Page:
In the fall of 2014, I taught a chemistry class at Anderson University. While I had been a guest lecturer for several university-level courses over the years, it was the first time in 19 years that I had taught an entire, semester-long class. As a result, I experienced some things I had never experienced before, and one of them was students using laptops to take notes. It wasn’t incredibly common in my class, but every day, a few students would come in, sit down, and open up their laptops.
I wasn’t crazy about the students using laptops in my class, mostly because I think they can be distracting for the students using them. If a student sees an e-mail message or Facebook notification, it is easy for the student to flip over to those things rather than concentrate on what is happening in class. However, I strongly believe that at some point, you need to start treating students as adults. Thus, I didn’t tell them that they couldn’t use laptops. I did note who the laptop users were and, when I processed test scores, I would compare the average of the students using laptops to the average of the rest of the class. Each test, the laptop users had a lower test score average.
Of course, my sample size was very small. As a result, the statistical error kept me from making any firm conclusion regarding laptop use in class and performance on the tests, but the results did correlate with my “gut feeling” regarding laptop usage, so I became even more convinced that laptop usage in class harms a student’s performance. Little did I know that there is actually a large body of statistically-significant research on the subject, and the studies are in general agreement: taking notes with your laptop is simply not as effective as taking notes longhand.
I learned this by reading a very interesting study that was published in the journal Psychological Science. As is typical with such reports, the paper starts off with a review of the literature. It cites three studies that show laptop-note-takers have decreased academic performance compared to longhand-note-takers, and one study that shows that the students themselves are less satisfied with their education when they use laptops to take notes. Of course, the “obvious” explanation for this is that the students who use laptops in class are being distracted by the other things available on their computers. However, the study linked above shows that even when distractions are removed from the computer, students still get less out of class when they use a laptop to take notes.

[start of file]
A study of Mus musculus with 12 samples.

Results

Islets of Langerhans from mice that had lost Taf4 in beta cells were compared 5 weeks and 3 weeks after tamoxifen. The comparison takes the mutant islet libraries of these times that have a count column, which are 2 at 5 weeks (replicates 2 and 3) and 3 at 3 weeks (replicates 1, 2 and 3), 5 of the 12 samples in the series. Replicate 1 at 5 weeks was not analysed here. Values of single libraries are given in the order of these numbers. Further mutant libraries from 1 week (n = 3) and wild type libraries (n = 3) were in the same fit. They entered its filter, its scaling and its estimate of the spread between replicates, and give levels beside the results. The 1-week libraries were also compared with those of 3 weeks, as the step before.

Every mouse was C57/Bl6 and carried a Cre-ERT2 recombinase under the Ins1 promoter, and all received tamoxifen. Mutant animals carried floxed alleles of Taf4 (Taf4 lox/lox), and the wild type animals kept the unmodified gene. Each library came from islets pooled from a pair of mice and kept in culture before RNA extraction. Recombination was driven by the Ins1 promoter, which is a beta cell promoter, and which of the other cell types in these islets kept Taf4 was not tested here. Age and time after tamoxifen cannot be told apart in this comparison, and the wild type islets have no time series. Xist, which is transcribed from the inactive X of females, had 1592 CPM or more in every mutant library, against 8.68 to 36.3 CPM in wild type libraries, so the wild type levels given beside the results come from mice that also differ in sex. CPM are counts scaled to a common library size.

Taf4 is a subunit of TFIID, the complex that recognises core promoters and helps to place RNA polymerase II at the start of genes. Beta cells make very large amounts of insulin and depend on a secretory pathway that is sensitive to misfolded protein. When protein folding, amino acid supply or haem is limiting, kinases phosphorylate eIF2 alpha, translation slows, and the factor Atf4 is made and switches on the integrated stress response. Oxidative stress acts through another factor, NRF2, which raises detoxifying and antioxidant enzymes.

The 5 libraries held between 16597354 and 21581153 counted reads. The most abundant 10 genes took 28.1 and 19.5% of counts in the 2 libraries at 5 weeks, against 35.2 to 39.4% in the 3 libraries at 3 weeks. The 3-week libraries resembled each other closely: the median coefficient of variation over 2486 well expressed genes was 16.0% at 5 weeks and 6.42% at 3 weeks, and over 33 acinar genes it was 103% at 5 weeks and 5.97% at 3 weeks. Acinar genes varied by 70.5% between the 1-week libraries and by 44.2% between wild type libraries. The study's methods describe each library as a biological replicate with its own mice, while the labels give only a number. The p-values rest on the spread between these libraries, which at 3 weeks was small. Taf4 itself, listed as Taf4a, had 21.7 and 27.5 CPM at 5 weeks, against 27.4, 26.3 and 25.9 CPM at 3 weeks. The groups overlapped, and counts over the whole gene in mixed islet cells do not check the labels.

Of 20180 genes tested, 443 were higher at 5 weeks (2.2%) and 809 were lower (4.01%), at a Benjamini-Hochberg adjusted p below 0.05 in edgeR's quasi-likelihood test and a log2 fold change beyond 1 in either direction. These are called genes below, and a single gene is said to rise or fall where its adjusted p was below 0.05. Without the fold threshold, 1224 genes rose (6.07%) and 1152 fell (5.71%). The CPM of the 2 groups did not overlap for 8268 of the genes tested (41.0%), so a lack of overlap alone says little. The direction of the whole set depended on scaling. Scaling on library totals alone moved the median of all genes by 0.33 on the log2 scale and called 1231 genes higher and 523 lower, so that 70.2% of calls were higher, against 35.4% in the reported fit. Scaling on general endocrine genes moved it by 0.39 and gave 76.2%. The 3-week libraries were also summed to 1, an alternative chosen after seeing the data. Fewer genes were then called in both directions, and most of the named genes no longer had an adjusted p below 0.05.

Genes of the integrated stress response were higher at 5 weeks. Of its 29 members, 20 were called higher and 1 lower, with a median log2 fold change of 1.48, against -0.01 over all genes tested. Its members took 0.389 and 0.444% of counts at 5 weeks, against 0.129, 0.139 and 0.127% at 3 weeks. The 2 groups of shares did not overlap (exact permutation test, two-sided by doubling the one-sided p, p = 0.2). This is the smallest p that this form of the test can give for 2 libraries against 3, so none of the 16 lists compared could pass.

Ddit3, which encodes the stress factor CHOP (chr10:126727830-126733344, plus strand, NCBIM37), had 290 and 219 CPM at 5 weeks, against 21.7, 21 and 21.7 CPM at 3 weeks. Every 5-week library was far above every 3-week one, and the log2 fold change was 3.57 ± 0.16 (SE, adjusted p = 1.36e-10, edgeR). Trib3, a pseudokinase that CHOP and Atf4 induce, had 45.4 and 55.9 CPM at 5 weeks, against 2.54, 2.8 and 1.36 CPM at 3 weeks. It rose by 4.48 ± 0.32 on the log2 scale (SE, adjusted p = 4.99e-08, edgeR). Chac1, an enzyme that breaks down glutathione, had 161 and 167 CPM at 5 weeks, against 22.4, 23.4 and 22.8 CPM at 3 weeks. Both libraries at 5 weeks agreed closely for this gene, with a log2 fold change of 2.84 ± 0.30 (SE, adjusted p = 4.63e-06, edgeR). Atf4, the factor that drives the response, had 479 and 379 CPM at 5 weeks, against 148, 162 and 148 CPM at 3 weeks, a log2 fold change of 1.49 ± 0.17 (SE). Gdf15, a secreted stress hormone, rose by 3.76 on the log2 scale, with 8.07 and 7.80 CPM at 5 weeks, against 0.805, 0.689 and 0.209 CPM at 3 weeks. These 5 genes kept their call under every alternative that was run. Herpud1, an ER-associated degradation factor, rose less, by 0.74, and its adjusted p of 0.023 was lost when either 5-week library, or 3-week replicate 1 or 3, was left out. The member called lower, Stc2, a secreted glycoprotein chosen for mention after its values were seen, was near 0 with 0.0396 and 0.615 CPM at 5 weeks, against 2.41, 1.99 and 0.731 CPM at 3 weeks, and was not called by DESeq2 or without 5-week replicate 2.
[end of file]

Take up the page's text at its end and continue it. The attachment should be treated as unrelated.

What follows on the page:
The researchers studied three different groups of university students in three different trials. Each trial involved the students viewing a lecture on a monitor. They were instructed to use the note-taking strategy that they used in class, and they were told that they would be tested on the content of the lectures. Students who used a laptop were given one that had no games and no access to the internet. In the first trial, students who took notes on the computer and students who took notes on paper scored roughly the same on the factual questions asked about the lecture, but the students who took notes on paper scored significantly better on the conceptual questions.
One thing the researchers found when analyzing the data from the first trial was that the students who took notes with their laptops used more words in their notes and were much more likely to quote parts of the lecture verbatim. Thus, in their second trial, they instructed some of the students to specifically avoid trying to transcribe the lecture. They thought that this might reduce the problems associated with laptop-note-taking. However, there was only a small decrease in the verbatim content of the laptop users who were told to avoid it, and in the end, the same test results were found: the laptop-note-takers did worse on conceptual questions than the longhand-note-takers.
In the final trial, the researchers thought that perhaps the poorer performance of the laptop-note-takers could be improved by letting them study their notes. After all, if the notes contain more words and more verbatim content from the lecture, that should allow the students who use laptops to study more effectively. In this trial, however, the longhand-note-takers did even better compared to the laptop-note-takers! Those who were able to study their longhand notes outperformed those who studied their laptop notes in both factual and conceptual questions!
Here is how the authors sum up their results:
The studies we report here show that laptop use can negatively affect performance on educational assessments, even — or perhaps especially — when the computer is used for its intended function of easier note taking. Although more notes are beneficial, at least to a point, if the notes are taken indiscriminately or by mindlessly transcribing content, as is more likely the case on a laptop than when notes are taken longhand, the benefit disappears.
I think that statement is instructive to students in two ways: First, stop using your laptop in class. It is likely to affect your performance negatively, even if you can avoid the distractions it presents. Second, even when you are taking notes longhand, don’t mindlessly transcribe content. Think about what you are learning and put it in your own words!